One almost workable definition of poetry might be "writing that cannot be adequately translated." Almost. There are, in fact, a few worthy translations, feats in some ways more difficult than those of original creation, since the translator owes fidelity to a foreign text while the creator need follow only his own fantasy.
Sir Charles Johnston's translation of "Eugene Onegin" is one of those miraculous exceptions to the general rule that makes the reading of poetry in translation, on the whole, a rather dreary exercise. It bids fair to become a classic in its highly specialized genre, and it can be recommended almost without reservation to serious readres for whom (as for this reviewer) Pushkin's playful, bitter and delicately ironic classic has until now been a closed book.
Not that the story of Onegin has been previously unavailable in English, prose or verse. There have been several translations of varying excellence, most notably the quirkily literal one of Vladimir Nabokov which sticks to the words, offers copious annotations and (with surprising humility) makes no effort to approximate the poetry. I have begun reading some of these ealier translations, at one time or another, and after a few pages have found no good reason to continue.
For late 20th-century readers, except those interested in literary antiques or the history of fads, the story of Eugene Onegin is rather banal: A fashionable young Russian of the post-Napoleonic ear destroys his own life and those of two others (Tatyana, a whoman who loves him; Lensky, a friend whom he kills in a duel) by his insistence on striking Byronic poses rather than settling into the serious business of living.
To make matters worse, the text is sprinkled like a gossip column with long-forgotten names and clever topical allusions, which might have provided, 150 years ago, the kind of joy that readers get from People magazine. Today, they bring joy only to devotees of footnotes.
The final problem is that of form: "Eugene Onegin" is written in elaborate 14-line stanzas, with a quota of six feminine (two-syllable) rhymes to each stanza -- and in tetrameters, which give the poet less room in which to turn around than the pentameters that Byron (not to mention Pope, Milton, Shakespeare and most of other English writers of long poems) found more congenial.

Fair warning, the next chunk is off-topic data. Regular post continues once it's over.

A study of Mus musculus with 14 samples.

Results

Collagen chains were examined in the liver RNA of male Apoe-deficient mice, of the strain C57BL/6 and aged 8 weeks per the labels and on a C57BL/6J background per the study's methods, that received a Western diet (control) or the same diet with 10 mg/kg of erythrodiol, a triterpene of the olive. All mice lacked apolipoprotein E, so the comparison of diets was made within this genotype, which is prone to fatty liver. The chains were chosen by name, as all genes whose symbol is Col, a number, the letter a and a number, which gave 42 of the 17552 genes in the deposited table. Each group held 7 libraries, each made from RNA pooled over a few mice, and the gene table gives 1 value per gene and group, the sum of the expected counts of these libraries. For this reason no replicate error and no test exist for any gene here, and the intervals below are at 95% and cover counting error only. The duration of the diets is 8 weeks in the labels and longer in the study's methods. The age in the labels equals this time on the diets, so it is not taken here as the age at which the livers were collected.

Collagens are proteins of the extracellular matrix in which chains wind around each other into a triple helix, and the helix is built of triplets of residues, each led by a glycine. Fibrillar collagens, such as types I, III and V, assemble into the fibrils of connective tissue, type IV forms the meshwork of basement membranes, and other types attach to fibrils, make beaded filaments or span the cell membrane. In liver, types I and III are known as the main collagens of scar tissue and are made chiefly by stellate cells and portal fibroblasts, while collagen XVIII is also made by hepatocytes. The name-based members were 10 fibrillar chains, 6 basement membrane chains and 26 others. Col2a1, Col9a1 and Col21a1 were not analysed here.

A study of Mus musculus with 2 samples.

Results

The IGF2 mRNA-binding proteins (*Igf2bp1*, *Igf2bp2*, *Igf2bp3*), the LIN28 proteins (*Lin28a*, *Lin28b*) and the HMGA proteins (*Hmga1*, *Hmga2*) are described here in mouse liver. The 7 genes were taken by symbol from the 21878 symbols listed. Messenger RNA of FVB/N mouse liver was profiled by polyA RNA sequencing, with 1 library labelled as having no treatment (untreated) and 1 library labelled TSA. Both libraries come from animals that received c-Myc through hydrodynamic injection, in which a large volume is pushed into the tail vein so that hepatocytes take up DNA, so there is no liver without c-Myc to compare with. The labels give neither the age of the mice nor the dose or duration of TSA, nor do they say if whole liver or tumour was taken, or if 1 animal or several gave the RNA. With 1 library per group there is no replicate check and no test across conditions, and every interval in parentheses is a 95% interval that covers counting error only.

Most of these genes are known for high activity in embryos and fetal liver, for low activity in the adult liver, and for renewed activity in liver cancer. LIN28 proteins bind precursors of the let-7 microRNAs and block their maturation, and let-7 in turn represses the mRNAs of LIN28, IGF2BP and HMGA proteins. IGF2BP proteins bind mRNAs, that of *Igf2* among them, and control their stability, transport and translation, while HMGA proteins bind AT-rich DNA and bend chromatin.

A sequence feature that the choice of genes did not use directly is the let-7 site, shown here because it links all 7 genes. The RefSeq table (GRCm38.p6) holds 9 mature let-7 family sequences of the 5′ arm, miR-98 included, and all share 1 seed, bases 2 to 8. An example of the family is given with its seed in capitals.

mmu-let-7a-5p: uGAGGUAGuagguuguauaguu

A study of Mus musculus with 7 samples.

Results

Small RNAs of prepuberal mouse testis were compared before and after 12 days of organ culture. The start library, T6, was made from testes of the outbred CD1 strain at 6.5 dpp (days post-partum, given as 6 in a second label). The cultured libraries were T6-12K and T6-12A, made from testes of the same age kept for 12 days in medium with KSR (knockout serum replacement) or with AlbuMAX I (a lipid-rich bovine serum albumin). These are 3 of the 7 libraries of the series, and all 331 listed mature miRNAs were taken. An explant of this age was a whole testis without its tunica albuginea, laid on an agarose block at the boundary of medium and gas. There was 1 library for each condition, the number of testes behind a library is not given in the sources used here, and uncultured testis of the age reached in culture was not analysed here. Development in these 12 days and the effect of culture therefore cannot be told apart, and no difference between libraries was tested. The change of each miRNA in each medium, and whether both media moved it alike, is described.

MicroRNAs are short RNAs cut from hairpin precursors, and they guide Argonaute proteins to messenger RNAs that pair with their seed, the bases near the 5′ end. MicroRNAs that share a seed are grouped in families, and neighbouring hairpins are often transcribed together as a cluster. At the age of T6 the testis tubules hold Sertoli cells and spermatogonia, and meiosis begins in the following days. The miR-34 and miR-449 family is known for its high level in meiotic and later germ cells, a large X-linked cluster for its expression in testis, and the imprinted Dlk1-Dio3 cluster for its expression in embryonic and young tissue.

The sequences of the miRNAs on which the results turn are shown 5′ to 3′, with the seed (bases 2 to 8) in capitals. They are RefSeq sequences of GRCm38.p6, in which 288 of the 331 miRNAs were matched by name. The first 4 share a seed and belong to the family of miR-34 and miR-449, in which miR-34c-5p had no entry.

All of the above add up to a daunting challenge for anyone who wants to produce a readable English text of over 200 pages. Johnston has made it not only readable but often brilliant and sometimes deeply moving. His work is not flawless -- there are no flawless poems of this length, let alone translations -- but it is magnificent. Through it, we can see Pushkin's original on its own terms and enjoy it as petry in our own language. Anyone who has tried to translate a sonnet (or even to write one) will appreciate the work involved in translating the equivalent of more than 400, making tham flow together into a "novel in verse" and doing it with the virtuoso style that Pushkin demands.
Puskin's basic thesis in "Eugene Onegin" is that nature (human nature, particularly in well-off young people) tends to imitate art -- with consequences that can be both silly and disastrous. He treats this theme with a strikingly modern balance between ironic detachment and sentimental empathy for his characters, and he does it in a rich, flexible style that embodies this complex set of attitudes to perfection.
He is clearly aware at all times that his characters are a bit foolish; after all, he designed them that way, and occasionally he inserts a little verse essay on a particular form of foolishness to underline the point. But as the story moves into its climax he cannot help calling the reader's attention to the fact that these cartoon figures are shedding real blood, real tears.
The blend of irony and pathos works most strikingly in Lensky's death scene (which foreshadows, ironically, Puskin's own death in a duel). Lensky is a poet and not a very good one, and Puskin kills him off in deliberately bad verse ("The clock of doom had struck as fated... "'), piling cliche on cliche beyond the point of absurdity. Then comes a stanza of pure, exquisite Pushkin, ending in an unforgettable image in which the poet's corpoe becomes an abandoned house, shuttered and desolate. A hushed pause and then back to satire with an ironic discussion of the pros and cons of shooting one's friend, speculations on what Lensky's life might have been and a matter-of-fact description of the corpse being hauled away -- wit and pathos pell-mell.
The range of style is from an almost Flaubertian realism in the social satire to a pre-Freudian surrealism in the long description of a nightmare Tatyana suffers, and to complicate the translator's job there are also frequent parodies of romantic poetic styles. To Johnston's credit, all of these come through in the translation almost transparently. There are occasional flat lines, now then a too-obvious rhyme or one in which idiomatic English is strained. But the wonder is not that these blemishes exist, rather that are so few. This "Onegin" is a landmark in one of the most specialized and difficult of the literary arts.